MINNEAPOLIS -- Rick Hahn isn’t ready to call it a season.
Hours before their series opener against the Minnesota Twins at Target Field on Tuesday night, the White Sox general manager declared his underachieving club still has time to change its fortunes.
The first-year GM knows the White Sox, who entered Tuesday 9 1/2 games behind the first-place Detroit Tigers, don’t have a ton of leeway.
But at the same time, even though he admits the phone has rung a good amount with potential buyers, Hahn doesn’t want to signal an end to the season by making his players available on the trade market. Hahn’s willingness to give his team more chances is based on the belief the club is much better than its 29-38 mark and it has 60 games (Tuesday included) left against American League Central foes.
“I know there’s frustration in the clubhouse,” Hahn said. “There’s obviously frustration among fans, among staff. But we do have a fair amount of time left to get this thing right. We’ve been saying that for a while now, and it is obviously time to get going if we’re going to make that run. … We’re still halfway through June. We aren’t halfway through the season yet. We haven’t played the first place team in our division yet.”
The White Sox still won’t face Detroit for another three weeks.
Over that period, they hope to right many of the wrongs that have plagued them this season, including a poor offense, bad baserunning and an even worse defense. Starting with the Twins, the White Sox play 10 of 12 contests within the AL Central. White Sox manager Robin Ventura said his team “will take anybody right now,” but also admits playing within the division has some advantages.
“It’s nice when you win because you kind of catch somebody,” Ventura said. “(You’re) focusing more on the process of what we’re doing than looking up at the scoreboard or standings.”
Another reason for Hahn’s optimistic approach -- besides the fact that it’d be poor of him to reveal his hand so early -- is the optimism in the clubhouse. White Sox players are frustrated, without question. But the veteran nature of the roster also means players know their season can only turn around if they continue to work. The team has also maintained a positive atmosphere despite tough times as evidenced by Monday’s postgame victory soundtrack, which included tunes like ‘We Are The World.’
“Those are the games are going to decide whether we make it or not,” outfielder Alex Rios said. “The optimism is there. We haven’t quit. Just because we’re going through this funk doesn’t mean we’re going to quit. We’re just going to have grind it out until we get hot again.”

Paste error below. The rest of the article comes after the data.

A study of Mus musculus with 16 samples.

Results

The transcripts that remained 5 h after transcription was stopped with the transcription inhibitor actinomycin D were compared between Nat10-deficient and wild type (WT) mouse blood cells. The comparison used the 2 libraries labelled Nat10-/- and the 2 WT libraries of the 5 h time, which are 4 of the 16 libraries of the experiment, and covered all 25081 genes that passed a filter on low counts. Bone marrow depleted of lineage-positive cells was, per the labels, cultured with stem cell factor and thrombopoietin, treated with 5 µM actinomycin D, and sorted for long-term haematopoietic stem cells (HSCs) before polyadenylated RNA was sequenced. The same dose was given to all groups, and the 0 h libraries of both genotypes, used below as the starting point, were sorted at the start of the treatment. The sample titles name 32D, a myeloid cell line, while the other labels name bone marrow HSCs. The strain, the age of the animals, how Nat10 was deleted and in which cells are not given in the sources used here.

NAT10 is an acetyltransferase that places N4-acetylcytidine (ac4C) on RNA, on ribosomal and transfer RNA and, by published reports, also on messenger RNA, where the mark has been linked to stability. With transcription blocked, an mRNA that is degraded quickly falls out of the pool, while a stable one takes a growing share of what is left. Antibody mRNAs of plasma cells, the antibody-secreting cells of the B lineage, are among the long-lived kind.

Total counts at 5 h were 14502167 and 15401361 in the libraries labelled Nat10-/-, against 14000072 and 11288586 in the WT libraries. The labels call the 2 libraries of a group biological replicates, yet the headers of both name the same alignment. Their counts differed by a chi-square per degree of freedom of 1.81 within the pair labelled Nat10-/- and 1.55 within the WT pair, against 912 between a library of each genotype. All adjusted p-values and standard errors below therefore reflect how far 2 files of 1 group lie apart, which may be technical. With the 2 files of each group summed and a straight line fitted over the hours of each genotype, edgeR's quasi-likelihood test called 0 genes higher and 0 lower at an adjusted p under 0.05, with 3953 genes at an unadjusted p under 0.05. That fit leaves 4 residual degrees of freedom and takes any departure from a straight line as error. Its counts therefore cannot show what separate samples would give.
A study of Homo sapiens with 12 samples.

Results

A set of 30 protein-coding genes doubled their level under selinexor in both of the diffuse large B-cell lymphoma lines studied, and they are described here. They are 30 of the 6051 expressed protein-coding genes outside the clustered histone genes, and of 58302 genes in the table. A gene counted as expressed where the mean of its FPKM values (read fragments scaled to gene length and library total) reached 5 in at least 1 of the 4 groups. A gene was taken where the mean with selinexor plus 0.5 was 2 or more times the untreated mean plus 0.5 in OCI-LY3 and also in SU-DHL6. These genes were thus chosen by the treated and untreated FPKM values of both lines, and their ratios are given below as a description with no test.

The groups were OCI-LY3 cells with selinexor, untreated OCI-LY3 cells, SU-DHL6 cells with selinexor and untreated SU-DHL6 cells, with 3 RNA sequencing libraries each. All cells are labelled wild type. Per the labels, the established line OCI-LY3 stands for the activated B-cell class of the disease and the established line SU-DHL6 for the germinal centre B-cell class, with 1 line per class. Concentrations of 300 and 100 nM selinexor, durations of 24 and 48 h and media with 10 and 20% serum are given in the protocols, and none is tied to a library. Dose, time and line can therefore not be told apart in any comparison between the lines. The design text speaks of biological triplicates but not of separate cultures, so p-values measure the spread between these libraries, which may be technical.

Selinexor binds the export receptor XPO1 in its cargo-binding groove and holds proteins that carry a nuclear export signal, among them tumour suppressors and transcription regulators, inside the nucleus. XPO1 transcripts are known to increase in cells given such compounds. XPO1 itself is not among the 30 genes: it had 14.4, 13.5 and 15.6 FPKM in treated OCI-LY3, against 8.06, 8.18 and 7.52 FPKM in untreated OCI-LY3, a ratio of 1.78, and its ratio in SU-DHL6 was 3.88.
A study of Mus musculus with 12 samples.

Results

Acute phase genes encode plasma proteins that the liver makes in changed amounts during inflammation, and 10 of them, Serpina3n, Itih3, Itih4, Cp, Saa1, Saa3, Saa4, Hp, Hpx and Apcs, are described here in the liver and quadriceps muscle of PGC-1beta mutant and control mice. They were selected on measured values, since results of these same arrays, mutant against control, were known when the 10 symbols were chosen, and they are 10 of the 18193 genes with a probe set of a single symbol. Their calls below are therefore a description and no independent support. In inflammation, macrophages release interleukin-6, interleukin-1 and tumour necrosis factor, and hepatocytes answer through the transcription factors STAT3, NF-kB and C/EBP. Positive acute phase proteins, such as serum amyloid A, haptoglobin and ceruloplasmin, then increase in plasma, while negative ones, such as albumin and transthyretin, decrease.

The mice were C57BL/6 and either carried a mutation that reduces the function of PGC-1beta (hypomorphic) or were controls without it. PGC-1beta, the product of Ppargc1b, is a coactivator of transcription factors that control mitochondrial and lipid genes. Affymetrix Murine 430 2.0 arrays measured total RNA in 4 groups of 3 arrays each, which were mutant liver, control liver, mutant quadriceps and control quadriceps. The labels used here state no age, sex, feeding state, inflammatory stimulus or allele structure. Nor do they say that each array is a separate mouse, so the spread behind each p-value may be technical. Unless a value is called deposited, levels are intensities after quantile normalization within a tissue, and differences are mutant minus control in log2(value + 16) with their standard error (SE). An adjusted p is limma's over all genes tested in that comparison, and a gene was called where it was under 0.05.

If they don’t get hot, and soon, expect any and every contender to lob Hahn a phone call.
Rios, who brought a .288 average, 11 homers and 11 stolen bases into Tuesday’s game, promises to be at the top of several wish lists.
So too would Jake Peavy, if he were made available, and reliever Jesse Crain. Alexei Ramirez and Alejandro De Aza would draw interest as well as would others, including left-handed reliever Matt Thornton and righty Matt Lindstrom.
But Hahn doesn’t want to discuss any names publicly and for good reason.
“I don’t think it’s fair, regardless of the path we take over the next six weeks … for me to then sit there and say ‘Well this guy could go,’ or ‘That guy’s not going to go,’ ” Hahn said. “That’s not going to be fair to the unit and what they’re trying to accomplish on a given night.”
Hahn won’t to deal in hypotheticals, either.
If the White Sox get to the point where they decide to peddle their players, Hahn won’t be moved to sell earlier than planned if another merchandiser begins to unload its product.
He figures the estimated value of his trade chips means he doesn’t need to move until he’s prepared.
“If we get to the point of looking to add or subtract, it’s going to be based upon what we’re able to receive in return and it being at a certain level that makes sense for us long term,” Hahn said. “If we get to that point, we’re going to be pretty popular. We already have received a fair amount of phone calls and I suspect that will continue unless we turn this thing around and start being the ones on the dialing end of things.”